The most generic hallway in the world opens to a raffish loft converted into a private dining room.
A pop up restaurant is a culinary one-night stand.
Somewhere between the barren, generic apartment building facade and the first glass of tangy 2010 Soave, it hit me.
A fleeting, no-strings-attached encounter with strangers? Check. Unfamiliar linens? Check. Lusty, escapist and ham-handed in equal parts? Check, check, check.
This particular tryst was orchestrated by CENA Supper Club, an upstart curator of “fine-dining experiences” launched in March by event producer-turned-entrepreneur Naomi Santos. Each month CENA brings strangers together over a menu conceived, sourced, and cooked by a rotating crew of pro and semi-pro chefs.
“We’re creating an intimate moment around the table,” Santos explained. CENA provides the ambiance – a sleek open-kitchened loft in Tribeca, modish and understated place settings, velvety live Bossa Nova – and hands the reigns to the culinary team tasked with putting food on plates.
Our skipper for the evening was Chef Ken Connors, former Executive Chef of Enoteca, classically trained at the French Culinary Institute, et cetera.
He now presides over the non-profit Educational Alliance’s Kosher-certified kitchen.
“It’s a big difference from what I was doing before: a lot of pork, a lot of shellfish.”
Connors jumped at the opportunity to cook the treif, hedonistic dishes of his past. Mussels from Canada’s seafood-happy Prince Edward Island were fortified with bacon and, though they lost some verve between the kitchen and table, showed the Chef’s knack for classics done right.
Pop up-style, no holds barred cooking allures chefs weighed down by the monotony and cramped infernos of restaurant kitchens. My CENA dinner was at Suite ThreeOhSix (the location changes monthly), a space that puts the pro kitchens I’ve seen to shame.
It also, literally, has glass walls. Connors and his sous chef mingled with diners, fielded questions about dishes, and watched us react to their handiwork; immediate feedback (and some shine) for cooks usually relegated to back-of-house.
The dinners attract a swath of adventurous late millennials and early thirty-somethings willing and able to shell out for an ephemeral professional dinner party. Our meal was $120 per person; firmly in Michelin-star territory, but without a Maitre d’ looking down his nose at me when I spilled tarted-up hummus in my lap.
Guests come to the Supper Club solo, on dates, and in little Instagram-snapping teams. Ostensibly they come for the food, but each person I spoke to alighted on other reasons first.
“I love undiscovered spaces.”
“It’s a unique, one-time experience.”
“The chef is my son-in-law.”
Family duties aside, most attendees were there looking for adventure. Psychologists call this trait “novelty seeking” and associate it with extraversion and dopamine release.
I’ll stop short of saying supper clubs get you high, but monkeys with artificially high dopamine levels in this study consistently made risky, novel choices compared to their sober counterparts.
Like, say, wandering down an abandoned sidestreet in search of a secret dinner.
Chef Connors (the arm) and Sous Chef Carlos plate braised oxtail with walnut gremolata and raisins.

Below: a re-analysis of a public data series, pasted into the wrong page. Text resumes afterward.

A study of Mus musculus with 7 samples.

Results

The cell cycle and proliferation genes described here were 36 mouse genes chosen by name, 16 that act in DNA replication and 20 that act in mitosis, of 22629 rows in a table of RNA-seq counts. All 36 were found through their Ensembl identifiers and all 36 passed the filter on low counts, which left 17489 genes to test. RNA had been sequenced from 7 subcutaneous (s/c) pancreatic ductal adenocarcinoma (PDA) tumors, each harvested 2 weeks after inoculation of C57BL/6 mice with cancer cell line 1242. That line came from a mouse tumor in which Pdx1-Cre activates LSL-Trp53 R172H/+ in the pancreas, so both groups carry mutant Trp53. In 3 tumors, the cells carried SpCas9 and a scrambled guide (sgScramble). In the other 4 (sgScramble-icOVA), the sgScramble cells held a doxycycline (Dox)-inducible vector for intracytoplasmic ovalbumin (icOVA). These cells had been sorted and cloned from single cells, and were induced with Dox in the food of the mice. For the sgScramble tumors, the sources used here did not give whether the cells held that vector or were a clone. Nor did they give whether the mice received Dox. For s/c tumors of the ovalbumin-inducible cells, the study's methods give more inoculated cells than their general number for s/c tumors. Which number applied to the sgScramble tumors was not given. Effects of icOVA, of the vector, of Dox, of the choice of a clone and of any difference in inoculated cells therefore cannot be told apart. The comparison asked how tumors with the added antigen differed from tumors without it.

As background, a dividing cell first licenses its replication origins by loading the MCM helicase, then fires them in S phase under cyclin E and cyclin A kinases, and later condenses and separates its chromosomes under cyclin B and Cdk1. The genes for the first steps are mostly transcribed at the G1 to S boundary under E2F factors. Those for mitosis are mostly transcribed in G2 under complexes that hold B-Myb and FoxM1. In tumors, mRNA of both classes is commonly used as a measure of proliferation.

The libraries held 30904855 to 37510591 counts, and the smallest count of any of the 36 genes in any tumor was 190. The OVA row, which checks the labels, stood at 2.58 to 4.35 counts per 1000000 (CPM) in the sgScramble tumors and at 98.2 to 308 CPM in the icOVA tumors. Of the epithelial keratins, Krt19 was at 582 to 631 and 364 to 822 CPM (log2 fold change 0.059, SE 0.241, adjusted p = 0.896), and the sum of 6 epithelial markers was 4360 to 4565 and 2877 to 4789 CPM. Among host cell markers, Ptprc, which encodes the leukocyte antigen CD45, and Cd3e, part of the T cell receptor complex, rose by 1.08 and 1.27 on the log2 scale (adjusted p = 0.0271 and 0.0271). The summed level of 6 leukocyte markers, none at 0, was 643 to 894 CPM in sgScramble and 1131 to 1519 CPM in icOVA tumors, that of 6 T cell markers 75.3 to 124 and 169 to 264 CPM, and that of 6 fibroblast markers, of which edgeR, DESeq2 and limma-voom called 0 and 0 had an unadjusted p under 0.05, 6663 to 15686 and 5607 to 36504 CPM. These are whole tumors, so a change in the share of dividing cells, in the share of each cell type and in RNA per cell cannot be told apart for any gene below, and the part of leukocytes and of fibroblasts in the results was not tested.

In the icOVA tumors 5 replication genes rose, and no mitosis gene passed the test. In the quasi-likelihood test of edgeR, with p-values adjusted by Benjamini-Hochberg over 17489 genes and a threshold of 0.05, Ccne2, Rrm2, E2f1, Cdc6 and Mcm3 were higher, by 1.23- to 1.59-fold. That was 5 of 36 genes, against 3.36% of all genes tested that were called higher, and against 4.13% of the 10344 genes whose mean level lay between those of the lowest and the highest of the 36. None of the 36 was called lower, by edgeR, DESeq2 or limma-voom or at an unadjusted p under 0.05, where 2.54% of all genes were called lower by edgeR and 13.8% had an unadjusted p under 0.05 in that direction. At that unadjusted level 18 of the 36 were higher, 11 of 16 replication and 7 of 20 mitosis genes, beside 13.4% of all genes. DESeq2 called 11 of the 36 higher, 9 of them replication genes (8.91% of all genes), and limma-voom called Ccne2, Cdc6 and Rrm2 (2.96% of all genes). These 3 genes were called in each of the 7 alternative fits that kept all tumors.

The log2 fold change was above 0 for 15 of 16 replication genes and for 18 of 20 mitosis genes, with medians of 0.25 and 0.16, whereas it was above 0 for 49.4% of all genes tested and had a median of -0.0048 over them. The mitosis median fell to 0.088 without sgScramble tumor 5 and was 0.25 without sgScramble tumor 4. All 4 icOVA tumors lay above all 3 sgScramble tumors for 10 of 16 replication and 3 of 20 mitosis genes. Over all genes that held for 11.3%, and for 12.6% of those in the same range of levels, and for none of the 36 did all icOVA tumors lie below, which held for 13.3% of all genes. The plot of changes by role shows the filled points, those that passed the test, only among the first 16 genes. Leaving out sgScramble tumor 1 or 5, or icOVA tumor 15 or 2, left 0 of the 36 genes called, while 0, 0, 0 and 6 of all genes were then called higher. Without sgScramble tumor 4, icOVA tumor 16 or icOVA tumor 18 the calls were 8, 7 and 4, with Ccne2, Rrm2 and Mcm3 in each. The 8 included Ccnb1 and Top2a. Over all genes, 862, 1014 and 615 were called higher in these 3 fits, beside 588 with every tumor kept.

And it’s not just novelty that appeals to our most basic instincts. Think back to that psychology class you took in college and Mr. Abraham Maslow, whose “Hierarchy of Needs” you probably had to memorize.
The third of those needs is “belongingness.” It’s our need to feel included, to participate in groups and, I’m convinced, to sign up for social outings with strangers. A supper club is the ultimate group – exclusive and secret(ish) – created instantly by strangers clicking a PayPal button.
And it feels good. The shared opinions, tastes, and preferences that define groups create social identity and allow “pre-approved” members to bond easily with each other — seconds after arriving I was deep into a discussion of the best reasonably-priced tasting menus in New York.
A really nice vanilla panna cotta, cut with pear, almonds and dainty fried rosemary leaves.
We diners are acolytes, brought together by mutual appreciation for food and novel social dynamics. Our ingrained need to connect with each other does the rest.
“I lost my wife a while ago. I came to this event to meet someone. That didn’t happen, but I got a great meal out of it.”
The most gregarious member of our hodgepodge team confessed this to me over a delicate, trembling vanilla panna cotta with almond granola. We were fiveish glasses of wine in and softened by full stomachs, but the sentiment was real.
After coffee and a collective sigh of surrender, our dinner party settled into a hazy postprandial debate, mostly on the state of eating in America. We discussed beer vs. wine and the relative merits of drunken White Castle runs. One guest announced that he didn’t care about climate change, since he’d be dead.
He was serious, but we all laughed.
At that moment the eat dinner with strangers concept made sense. A motley and awkward crew of diners, chefs and musicians sat down around a table and emerged as something else.
Not friends exactly, but connected in our appreciation for experimental cooking, seasonal vegetables, and the third rung on Maslow’s Hierarchy of Needs.
CENA Supper Club’s next event is Sunday, December 14. Tickets are available here.
“Openness to experience,” one of the Big Five personality traits, is also mildly correlated with high intelligence. Pat yourself on the back if you’re a supper club and pop up restaurante devotee. But lightly, novelty seeking personalities also lack in conscientiousness and tend towards “psychoticism” in the controversial Eysenck model.
 If this sounds cultish, that’s because it is. Cults push their members to adopt the group’s social identity until it overtakes the individual’s. Our dinner didn’t go quite that far.